As she began preparing for the holiday season, Lindsey Hart of Sacramento, Calif., did more than just purchase presents for family and friends. She also bought herself the gift of flood insurance.
Since the first indication that a powerful El Nino storm was set to hit the United State in late 2015 and early 2016, the Federal Emergency Management Agency (FEMA) has urged homeowners to get ready for serious storms and flooding in several states. El Nino is a weather pattern that begins with unusually warm temperatures in the equatorial Pacific Ocean, and typically results in more rain and frequent and intense storms.
Want to see how El Nino works? Click here
Expected to mimic a similar pattern as the winter of 1997-1998, this year’s El Nino could batter California and the eastern half of the United States, with extreme weather that peaks in winter and fizzles out in late spring.
Government advice: Buy flood insurance
Hart, who works as a spokesperson for the California Department of Insurance, says her office is advising consumers to purchase flood insurance since flood damage is not covered by traditional homeowners insurance.
“A few inches of water from flooding can lead to thousands of dollars of damage,” Hart says. “I plan to sell my home within the next year, so paying $50 a month on flood insurance premiums -- the same price some people pay for a month of lattes -- is providing me with peace of mind.”
While floods may sound far-fetched, especially to homeowners in drought-stricken states such as California, this year’s potentially historic El Nino storms are expected to bring a stream of rain and flooding between December and March. The cumulative impact of extremely high rainfall is expected to impact many areas that have never before been affected by flooding.
See also: Home insurance rates by state
Areas in central and Southern California, across Texas, to Florida and up the East Coast to southern New England, will all see wetter than normal conditions, according to the National Oceanic and Atmosphere Association.
4 ways homeowners can prepare
To prepare for potential flooding, experts caution homeowners to mitigate as many potential risks as possible by taking these steps:
1. Assess your risk of flooding. On the FEMA website, consumers can determine their flood risk, and also find an insurance agent in their area, by entering their location. Experts say even those in low- to moderate-risk areas, may want to consider purchasing flood insurance since it’s impossible to determine the exact areas that will experience flooding.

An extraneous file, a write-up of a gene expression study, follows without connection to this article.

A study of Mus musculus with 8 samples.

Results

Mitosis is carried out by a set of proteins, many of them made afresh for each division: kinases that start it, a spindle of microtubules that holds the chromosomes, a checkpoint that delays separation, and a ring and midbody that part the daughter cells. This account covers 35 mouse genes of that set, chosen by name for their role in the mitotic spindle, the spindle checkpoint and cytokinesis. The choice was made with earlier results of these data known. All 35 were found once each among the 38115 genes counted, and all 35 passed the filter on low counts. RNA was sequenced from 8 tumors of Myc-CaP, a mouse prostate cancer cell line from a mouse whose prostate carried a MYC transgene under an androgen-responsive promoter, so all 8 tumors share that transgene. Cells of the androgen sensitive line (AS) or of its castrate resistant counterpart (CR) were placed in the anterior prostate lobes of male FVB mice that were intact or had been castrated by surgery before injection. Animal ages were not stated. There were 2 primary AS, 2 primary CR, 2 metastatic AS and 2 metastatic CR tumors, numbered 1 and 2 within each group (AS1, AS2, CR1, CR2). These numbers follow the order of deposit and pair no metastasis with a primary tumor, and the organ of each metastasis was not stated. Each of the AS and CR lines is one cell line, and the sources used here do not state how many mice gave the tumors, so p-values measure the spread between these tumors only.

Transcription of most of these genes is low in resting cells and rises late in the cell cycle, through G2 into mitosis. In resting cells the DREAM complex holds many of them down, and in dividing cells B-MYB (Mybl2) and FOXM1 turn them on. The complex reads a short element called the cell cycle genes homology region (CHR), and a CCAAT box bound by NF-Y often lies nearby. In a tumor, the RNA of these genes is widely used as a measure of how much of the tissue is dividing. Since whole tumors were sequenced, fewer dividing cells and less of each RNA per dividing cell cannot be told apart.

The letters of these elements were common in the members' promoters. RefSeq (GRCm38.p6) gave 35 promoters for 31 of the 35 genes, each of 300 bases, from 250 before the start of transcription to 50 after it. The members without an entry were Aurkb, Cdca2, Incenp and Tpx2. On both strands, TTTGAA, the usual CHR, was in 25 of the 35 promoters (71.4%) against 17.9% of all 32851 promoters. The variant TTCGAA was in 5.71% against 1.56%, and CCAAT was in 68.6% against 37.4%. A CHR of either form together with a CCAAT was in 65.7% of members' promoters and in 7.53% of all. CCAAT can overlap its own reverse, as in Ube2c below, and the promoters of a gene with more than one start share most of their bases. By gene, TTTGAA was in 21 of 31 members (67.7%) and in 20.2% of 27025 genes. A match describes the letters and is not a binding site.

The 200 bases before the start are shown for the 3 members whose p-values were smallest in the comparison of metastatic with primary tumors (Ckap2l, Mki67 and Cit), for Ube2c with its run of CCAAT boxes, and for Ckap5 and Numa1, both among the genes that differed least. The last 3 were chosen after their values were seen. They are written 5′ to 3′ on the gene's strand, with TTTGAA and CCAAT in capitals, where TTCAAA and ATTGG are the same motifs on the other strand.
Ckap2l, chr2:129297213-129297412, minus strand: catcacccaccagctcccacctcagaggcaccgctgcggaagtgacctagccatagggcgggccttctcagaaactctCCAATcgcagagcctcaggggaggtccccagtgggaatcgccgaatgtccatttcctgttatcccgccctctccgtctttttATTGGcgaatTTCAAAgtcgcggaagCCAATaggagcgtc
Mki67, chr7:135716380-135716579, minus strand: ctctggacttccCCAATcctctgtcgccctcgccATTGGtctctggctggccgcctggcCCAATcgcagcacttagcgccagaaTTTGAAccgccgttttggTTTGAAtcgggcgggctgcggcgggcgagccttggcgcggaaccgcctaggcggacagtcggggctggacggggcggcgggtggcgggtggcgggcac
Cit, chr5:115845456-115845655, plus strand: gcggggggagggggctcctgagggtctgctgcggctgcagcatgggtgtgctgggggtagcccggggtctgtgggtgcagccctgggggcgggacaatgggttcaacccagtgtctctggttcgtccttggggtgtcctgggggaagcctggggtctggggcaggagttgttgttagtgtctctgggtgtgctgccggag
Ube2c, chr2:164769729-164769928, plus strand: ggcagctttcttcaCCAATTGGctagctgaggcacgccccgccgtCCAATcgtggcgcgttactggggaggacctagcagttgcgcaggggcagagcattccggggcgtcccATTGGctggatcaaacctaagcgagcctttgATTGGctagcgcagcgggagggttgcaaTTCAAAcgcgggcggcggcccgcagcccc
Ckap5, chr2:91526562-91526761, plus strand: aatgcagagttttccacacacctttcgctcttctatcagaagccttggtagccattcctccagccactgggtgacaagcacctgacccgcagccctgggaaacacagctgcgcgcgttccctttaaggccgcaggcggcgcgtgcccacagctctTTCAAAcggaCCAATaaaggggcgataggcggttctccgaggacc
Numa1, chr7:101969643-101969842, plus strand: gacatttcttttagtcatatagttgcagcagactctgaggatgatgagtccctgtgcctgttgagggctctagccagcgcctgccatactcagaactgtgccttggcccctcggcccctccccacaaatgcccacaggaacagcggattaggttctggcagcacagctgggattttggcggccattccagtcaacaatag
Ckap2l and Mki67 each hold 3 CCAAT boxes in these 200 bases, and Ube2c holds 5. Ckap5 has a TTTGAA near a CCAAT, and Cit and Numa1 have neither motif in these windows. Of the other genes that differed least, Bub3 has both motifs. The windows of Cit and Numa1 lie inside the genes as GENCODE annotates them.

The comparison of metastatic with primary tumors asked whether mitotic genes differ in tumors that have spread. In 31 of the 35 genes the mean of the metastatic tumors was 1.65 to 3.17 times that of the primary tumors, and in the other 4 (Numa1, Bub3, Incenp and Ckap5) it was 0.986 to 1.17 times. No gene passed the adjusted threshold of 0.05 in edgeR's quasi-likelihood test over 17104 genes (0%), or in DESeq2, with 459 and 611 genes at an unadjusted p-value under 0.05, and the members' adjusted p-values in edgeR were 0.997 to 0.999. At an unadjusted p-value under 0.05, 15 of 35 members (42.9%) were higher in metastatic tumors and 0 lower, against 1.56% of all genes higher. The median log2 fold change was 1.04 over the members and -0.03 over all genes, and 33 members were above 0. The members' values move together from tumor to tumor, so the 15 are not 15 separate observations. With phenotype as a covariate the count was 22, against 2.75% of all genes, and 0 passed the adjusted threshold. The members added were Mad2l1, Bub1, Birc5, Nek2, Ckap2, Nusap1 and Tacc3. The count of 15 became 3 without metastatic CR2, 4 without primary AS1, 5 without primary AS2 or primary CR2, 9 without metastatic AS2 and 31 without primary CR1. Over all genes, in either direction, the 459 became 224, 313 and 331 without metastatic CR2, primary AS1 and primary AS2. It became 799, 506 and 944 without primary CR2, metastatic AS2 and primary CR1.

“The droughts in the western United States have made flooding more likely by diminishing the soil’s capacity to soak up moisture,” says Tim Reinhold, senior vice president of research and chief engineer for the Institute of Business and Home Safety (IBHS) in Tampa, Fla. “Four years of a drought in California and wildfires have impaired the land’s flooding and landslides.”
2. Consider purchasing flood insurance. Many consumers are unaware that homeowner policies typically don't cover damages that occur as the result of floods or mudslides, Hart says. Flood insurance is only available through the Federal Flood Insurance Program, and must be in force for 30 days prior to a flood in order for the policy to be effective.
Cheryl Chew, an insurance broker at Don Hood Insurance Agency in Panama City, Fla., says she has seen flooding strike in areas that weren’t considered flood zones.
“We’ve had customers who have sustained flooding after purchasing a home and being assured by their neighbors that they’ve never had flooding,” Chew says. “Flood risk danger isn’t just based on history, it’s also based on factors such as changes due to building and development, rainfall and tidal-surge data.”
3. Protect your home from flooding. Hart also recommends that homeowners take measures to protect their home from flooding such as inspecting their roof for leaks and cleaning their gutters, drains and downspouts. The public works departments for most cities provide sandbags to residents free of charge. These sandbags can be used to block doors, drains and other openings to your home.
4. Remember renters need protection, too. Although your landlord will ultimately be responsible for any flood damages to the exterior and outer walls of your home, renters are typically responsible for any possessions inside their home. Check with your insurance agent to ensure that your furnishings and other items are covered by insurance in the event of a flood.